Increasing confidence in the economy and favorable financial conditions have supported the growth of private consumption and investment during 2016. And, according to forecasts of the Ministry of Finance presented in Macroeconomic and Fiscal Framework 2017 - 2019, which was published recently in the Official Gazette, the economic growth for 2016 is projected at 3.4%.
Also, Finmin said in this document that the country’s economic growth is expected to rise gradually in the medium term period 2017 - 2019 at an average value of 4.1%. The government will allocate private capital to finance a broad package of public works projects, mainly in infrastructure and tourism.
This package makes it possible the investment of Lek 700 million up to Lek 1 billion in the next 2-3 years. Its goal is to restore rapid economic growth in Albania, same as in pre-crisis levels.
Based on projections of key macroeconomic indicators, fiscal measures taken, the expected effects of administrative improvement and other factors determining the performance of different items of income of the state budget, the total income for three following years (2017-2019) is projected to grow by an average of about 7.2 percent annually.
In its latest report, the International Monetary Fund ranked the Albanian economy 75th among 190 economies of the world in terms of the economic growth. Fund predicts that GDP in Albania will expand by 3.7 percent this year, leaving behind other countries in the region.
Currently experts say that the Albanian economy continues to operate below its potential, which in turn is reflected in inflation below the targeted objectives. During the first half of 2016 average annual inflation rate according to official statistics of Ministry of Finance was 0.7%.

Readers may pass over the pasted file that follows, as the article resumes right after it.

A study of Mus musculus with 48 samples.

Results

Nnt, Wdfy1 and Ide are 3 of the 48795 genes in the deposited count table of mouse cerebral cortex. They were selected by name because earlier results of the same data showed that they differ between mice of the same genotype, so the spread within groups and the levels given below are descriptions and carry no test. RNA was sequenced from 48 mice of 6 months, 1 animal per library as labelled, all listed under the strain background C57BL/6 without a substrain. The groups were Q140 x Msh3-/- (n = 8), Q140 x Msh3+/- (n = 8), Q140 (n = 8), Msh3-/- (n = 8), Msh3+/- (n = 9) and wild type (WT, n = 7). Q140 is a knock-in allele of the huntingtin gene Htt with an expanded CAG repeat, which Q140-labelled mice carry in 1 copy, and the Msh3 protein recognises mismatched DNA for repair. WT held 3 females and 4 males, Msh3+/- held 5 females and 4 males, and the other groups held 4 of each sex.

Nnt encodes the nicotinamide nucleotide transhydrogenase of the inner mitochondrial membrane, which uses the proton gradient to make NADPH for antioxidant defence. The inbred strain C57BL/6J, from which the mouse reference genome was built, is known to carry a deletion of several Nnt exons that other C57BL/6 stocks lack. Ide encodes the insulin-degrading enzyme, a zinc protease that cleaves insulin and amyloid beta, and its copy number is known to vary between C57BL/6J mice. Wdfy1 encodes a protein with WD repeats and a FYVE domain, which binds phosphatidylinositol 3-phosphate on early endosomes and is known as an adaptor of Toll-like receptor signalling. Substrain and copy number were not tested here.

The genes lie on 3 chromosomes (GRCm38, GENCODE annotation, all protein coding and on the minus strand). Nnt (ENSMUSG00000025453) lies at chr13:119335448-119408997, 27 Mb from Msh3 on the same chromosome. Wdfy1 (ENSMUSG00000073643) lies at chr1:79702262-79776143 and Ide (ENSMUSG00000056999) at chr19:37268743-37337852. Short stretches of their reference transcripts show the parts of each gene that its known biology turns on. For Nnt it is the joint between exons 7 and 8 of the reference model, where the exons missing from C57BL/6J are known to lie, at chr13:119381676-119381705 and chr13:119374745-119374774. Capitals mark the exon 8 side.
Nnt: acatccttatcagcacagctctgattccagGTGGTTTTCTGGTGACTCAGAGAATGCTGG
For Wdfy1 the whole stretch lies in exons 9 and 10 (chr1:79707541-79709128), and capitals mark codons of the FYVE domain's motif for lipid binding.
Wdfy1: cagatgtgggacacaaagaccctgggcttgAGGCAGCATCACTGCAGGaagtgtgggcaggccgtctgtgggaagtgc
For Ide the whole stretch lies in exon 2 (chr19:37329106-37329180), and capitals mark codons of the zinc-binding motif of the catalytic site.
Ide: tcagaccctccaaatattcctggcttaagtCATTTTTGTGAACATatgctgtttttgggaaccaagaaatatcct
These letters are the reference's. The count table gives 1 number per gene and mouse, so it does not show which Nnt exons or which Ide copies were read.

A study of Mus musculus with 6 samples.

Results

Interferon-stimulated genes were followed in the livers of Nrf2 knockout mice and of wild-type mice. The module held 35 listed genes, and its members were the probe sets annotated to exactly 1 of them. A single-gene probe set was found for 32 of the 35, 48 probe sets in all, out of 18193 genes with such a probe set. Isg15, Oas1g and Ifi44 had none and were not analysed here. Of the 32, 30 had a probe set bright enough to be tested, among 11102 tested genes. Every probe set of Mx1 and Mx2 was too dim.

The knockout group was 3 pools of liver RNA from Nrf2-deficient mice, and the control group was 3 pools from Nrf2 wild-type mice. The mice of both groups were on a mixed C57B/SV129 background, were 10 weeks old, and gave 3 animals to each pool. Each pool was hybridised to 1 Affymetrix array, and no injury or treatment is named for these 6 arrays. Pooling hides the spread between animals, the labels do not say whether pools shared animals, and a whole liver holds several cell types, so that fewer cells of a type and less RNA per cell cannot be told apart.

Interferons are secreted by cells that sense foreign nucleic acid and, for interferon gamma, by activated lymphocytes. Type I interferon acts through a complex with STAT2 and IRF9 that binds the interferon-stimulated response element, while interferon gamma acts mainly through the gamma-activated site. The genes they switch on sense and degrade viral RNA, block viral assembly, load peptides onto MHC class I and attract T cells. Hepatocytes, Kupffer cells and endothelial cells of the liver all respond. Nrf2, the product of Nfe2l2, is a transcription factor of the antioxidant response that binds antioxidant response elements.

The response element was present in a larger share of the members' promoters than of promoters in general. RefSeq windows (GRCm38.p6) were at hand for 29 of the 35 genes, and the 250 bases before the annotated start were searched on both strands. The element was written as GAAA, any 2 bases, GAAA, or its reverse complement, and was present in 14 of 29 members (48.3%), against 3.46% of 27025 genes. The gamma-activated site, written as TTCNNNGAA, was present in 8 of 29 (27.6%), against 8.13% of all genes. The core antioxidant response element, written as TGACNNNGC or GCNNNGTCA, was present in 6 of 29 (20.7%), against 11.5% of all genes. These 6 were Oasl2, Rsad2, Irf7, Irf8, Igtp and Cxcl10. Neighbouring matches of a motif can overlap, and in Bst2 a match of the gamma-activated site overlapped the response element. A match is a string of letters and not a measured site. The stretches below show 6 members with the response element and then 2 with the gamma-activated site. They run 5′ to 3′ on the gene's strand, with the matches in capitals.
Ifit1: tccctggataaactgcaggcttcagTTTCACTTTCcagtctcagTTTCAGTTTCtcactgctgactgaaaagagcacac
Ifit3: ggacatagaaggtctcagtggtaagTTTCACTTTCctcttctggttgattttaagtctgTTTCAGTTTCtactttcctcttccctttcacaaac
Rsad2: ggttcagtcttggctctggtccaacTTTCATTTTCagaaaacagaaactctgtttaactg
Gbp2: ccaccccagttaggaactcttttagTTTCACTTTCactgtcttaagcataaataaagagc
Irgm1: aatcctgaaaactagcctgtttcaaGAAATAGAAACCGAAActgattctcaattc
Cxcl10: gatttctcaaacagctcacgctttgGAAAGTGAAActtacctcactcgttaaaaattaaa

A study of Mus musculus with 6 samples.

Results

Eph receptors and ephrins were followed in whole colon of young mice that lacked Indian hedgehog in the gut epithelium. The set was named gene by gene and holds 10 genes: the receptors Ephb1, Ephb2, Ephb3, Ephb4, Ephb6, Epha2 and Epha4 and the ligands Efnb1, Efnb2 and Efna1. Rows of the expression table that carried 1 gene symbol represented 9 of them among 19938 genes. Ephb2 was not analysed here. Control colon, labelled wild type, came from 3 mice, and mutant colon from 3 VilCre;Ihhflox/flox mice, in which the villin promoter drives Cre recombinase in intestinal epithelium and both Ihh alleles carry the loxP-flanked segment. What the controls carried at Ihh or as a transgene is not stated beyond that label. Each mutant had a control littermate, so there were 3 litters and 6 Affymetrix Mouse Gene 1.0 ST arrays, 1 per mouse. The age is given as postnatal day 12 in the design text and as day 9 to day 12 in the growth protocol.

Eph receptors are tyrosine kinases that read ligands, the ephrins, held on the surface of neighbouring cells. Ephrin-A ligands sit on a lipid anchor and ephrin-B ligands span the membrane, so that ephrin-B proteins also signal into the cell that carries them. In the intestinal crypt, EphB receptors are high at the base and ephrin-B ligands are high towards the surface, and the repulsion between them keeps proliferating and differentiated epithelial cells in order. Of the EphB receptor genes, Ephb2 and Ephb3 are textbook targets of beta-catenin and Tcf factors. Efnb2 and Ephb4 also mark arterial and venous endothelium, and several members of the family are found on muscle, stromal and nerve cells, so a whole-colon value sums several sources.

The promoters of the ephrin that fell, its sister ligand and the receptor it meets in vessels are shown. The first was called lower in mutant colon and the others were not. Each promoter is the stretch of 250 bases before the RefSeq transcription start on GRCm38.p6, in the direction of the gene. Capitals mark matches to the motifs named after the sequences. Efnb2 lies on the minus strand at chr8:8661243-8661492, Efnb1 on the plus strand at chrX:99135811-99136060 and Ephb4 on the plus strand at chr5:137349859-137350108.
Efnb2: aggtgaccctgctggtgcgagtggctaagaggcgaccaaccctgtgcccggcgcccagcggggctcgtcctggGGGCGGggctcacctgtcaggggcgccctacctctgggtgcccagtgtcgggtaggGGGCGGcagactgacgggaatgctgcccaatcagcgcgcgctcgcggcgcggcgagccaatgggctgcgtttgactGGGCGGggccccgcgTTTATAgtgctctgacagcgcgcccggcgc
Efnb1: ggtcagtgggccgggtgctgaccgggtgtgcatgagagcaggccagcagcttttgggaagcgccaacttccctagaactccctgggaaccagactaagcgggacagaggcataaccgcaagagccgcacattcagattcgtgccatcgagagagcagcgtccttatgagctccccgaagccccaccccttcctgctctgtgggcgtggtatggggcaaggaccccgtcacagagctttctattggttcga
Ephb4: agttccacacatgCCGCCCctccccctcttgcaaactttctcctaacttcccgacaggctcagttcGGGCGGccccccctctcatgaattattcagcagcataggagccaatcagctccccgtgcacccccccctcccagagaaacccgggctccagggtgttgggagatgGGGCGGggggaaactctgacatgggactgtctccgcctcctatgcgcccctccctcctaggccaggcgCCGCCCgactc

Albania’s economic growth showed signs of recovery after the global economic crisis. As a result of the global crisis, growth rates were significantly reduced. Real growth in
2009 was halved from its historic trend, but continued to be positive as a result of limited exposure to international financial markets and an expansionary fiscal policy, initiated before the crisis.
Economic activity in Albania is directly impacted by the international economic environment, particularly in its trading partners, such as Italy and Greece, mainly through exports to them, remittances, and foreign direct investment (FDI).
Exports, remittances, and to some extent foreign direct investment (FDI) fell by turning on the main channels of transmission of external shocks on the economy.
The economic growth recorded its rate of 1.1 percent in 2013, due to the decline in consumption, investment freezing and financial and fiscal weaknesses that emerged.
Thanks to an increase in domestic demand supported by sound fiscal policies and structural reforms, growth is estimated to have reached 2.0 percent in 2014 and 2.6 percent in 2015, due also to an increase in consumption and private investment.